As the Bar Council starts to prepare for Justice Week this year, we would like to encourage you to do the same. The week of events starts on Monday 20 June and promises to build on previous successful Justice Weeks by raising the profile of justice issues with the public and decision-makers alike.

We would like to encourage Circuits, specialist Bar associations, the Inns of Court, chambers, and legal networks to play a role in Justice Week by organising their own events and activities.

The intention is to highlight the importance of legal services and access to justice; build public understanding and support for the rule of law; increase understanding in the justice system; and galvanise support and engagement that can help us to improve justice for all.

In March, the government announced a series of reforms to legal aid eligibility that are intended to improve access to justice. The changes that are proposed will, it is hoped, help domestic abuse victims who are disputing house ownership and other assets; remove the financial cap on eligibility for Crown Court defendants; and enable acquitted defendants to recover costs.

It is also proposed that under-18s, families at inquests where there has been a potential breach of human rights, and parents challenging doctors over withdrawal of their child’s life support will all become eligible for free legal representation.

The Bar Council has long argued that the Legal Aid, Sentencing and Punishment of Offenders Act 2012 diminished our justice system. The government’s commitment to extend entitlement to legal aid and representation in these areas should, if delivered, improve access to justice for some of the most vulnerable in our society.

But the justice system will only function as it should if there are skilled professionals available to represent the interests of the parties. So, we need to be vigilant about the health and sustainability of various parts of the profession.

Over the last decade and more, I have watched the age profile of the Criminal Bar change. When I began in practice in the early 90s there were few junior barristers over 20 years’ call. Now in many chambers there are few under 20 years’ call. In places we are an ageing profession that is not replenishing itself. Data and experience show, for example, that younger barristers have discovered that the financial rewards in criminal work do not compare to other areas of work and that they migrate elsewhere. Addressing this problem is a critical issue for government to undertake if public confidence is to be maintained.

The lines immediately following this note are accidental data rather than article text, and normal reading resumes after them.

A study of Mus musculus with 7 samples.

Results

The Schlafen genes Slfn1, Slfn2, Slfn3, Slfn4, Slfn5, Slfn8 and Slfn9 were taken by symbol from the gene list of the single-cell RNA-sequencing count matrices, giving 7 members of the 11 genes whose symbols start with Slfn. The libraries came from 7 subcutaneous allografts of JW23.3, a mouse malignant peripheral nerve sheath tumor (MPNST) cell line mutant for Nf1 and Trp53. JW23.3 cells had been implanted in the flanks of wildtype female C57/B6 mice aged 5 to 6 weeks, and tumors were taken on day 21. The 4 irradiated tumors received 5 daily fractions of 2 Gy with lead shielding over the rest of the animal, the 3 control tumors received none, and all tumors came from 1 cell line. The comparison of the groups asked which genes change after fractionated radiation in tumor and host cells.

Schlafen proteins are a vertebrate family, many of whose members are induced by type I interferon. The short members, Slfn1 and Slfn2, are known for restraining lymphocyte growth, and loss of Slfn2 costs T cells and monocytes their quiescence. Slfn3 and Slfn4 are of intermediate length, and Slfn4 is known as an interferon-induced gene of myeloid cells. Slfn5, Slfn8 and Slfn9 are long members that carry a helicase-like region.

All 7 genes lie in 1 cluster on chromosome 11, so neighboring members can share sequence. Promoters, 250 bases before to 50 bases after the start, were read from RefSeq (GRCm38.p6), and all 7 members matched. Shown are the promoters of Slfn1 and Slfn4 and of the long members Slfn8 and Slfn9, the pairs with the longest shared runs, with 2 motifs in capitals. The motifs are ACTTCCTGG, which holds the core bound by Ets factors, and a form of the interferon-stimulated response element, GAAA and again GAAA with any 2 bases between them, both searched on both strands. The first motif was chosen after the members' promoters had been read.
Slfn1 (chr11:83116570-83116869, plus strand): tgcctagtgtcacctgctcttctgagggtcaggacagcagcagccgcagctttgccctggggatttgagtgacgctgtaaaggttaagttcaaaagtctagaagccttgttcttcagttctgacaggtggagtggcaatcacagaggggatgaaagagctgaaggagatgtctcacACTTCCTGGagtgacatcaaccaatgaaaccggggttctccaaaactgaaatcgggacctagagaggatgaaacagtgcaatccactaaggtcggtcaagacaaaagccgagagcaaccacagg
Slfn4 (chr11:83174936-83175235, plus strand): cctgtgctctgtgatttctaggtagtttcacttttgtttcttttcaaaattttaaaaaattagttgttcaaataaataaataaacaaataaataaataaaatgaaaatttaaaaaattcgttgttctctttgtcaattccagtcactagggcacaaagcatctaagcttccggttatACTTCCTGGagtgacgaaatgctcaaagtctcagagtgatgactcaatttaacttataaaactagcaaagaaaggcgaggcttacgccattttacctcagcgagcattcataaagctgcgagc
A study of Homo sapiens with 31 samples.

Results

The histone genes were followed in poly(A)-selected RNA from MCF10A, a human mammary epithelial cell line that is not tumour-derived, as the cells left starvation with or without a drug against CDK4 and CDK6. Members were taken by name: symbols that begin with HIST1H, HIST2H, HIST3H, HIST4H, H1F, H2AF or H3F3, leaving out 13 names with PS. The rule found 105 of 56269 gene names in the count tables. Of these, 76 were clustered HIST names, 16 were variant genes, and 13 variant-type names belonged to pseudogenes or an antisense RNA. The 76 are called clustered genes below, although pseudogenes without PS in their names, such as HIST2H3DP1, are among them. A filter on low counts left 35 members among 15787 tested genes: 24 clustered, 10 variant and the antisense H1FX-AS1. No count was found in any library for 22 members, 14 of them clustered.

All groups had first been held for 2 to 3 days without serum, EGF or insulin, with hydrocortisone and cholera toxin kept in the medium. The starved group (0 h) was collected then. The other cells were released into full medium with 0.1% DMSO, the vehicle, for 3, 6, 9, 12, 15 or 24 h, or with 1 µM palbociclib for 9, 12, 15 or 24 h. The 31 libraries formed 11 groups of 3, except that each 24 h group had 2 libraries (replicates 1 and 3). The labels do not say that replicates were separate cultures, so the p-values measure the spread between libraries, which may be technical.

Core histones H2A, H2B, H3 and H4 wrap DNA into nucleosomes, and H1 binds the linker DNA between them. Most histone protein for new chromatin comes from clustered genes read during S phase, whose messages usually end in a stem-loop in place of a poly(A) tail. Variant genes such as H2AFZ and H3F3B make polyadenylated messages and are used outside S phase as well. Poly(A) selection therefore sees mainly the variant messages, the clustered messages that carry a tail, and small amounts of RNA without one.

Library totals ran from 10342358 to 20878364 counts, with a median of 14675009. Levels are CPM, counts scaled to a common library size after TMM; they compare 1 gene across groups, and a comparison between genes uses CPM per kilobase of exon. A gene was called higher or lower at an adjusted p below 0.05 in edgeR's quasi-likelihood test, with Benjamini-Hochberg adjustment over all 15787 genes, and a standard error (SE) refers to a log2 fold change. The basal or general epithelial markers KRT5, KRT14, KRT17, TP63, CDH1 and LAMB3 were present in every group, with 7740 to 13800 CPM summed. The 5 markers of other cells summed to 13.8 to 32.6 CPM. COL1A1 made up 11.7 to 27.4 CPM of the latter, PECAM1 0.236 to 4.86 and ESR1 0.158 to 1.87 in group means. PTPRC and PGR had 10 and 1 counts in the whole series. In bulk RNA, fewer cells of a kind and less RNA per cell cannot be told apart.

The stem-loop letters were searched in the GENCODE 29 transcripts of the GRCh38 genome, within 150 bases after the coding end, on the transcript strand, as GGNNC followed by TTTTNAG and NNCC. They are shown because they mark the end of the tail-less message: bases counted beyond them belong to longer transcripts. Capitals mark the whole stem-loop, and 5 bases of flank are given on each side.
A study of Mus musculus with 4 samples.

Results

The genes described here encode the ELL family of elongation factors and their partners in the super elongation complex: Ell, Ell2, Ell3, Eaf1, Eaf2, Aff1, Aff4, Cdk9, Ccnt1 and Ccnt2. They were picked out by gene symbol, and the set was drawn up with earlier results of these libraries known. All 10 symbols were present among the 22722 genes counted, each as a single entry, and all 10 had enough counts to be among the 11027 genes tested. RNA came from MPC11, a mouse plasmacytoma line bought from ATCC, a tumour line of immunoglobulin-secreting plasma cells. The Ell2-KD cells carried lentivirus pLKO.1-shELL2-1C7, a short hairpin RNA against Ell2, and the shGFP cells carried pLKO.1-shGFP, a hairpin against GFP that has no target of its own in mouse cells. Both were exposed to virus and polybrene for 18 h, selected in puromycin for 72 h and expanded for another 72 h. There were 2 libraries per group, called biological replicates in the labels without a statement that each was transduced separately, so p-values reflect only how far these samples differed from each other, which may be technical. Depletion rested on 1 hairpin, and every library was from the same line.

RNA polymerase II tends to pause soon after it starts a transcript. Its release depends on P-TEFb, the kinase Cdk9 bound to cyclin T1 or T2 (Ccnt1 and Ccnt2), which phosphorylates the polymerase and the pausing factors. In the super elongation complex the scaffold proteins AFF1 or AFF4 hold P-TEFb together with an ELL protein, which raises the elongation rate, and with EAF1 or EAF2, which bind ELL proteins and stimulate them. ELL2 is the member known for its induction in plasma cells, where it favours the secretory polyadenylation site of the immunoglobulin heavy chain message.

During 2020, barristers who earn a living doing jury trials lost six to nine months of income. The effect of the stress, misery and financial uncertainty on the self-employed who didn’t benefit from the government’s furlough schemes is underestimated. Loans and mortgage holidays were essential but created debts that still must be repaid. Now, in contrast, there may be plenty of work available in terms of unlimited sitting days, but there are not enough lawyers to do it, and no-one wants endless amounts of underpaid work.

In March the government responded to Sir Christopher Bellamy QC’s Independent Review of Criminal Legal Aid and published a consultation that proposes a 15% (+VAT) increase on all Crown Court advocacy fees. This first step is welcome, so long as it is just that – a first step – in a process of rebuilding a system long under attack. But it will not solve anything in the medium or long term unless two further steps are taken.

First, the money promised by government must be delivered this year. If the government applies the new rates only to new representation orders granted in autumn, then the 15% will only start to arrive towards the end of 2023 spilling into 2024. This is too late. There is already a precedent set by statutory instruments that provides a mechanism to increase the AGFS rates by the end of this summer if there is the political appetite to do it.

Secondly, the government needs to build confidence with the professions by showing that they are serious about the sustainability of the criminal justice system in the long term. The Advisory Board proposed in the consultation should be covered by the most appropriate terms of reference and lead on taking the angst and dispute out of legal aid remuneration. If the Board established has no credibility with the professions, then it will hamper efforts to encourage lawyers to sign up to, or stay working in, criminal legal aid.

We continue to urge the government to adopt the measures we have proposed and continue to engage constructively. Justice Week provides us with a timely opportunity to explain and emphasise the importance of legal services, access to justice for all and the rule of law. We hope you will join in.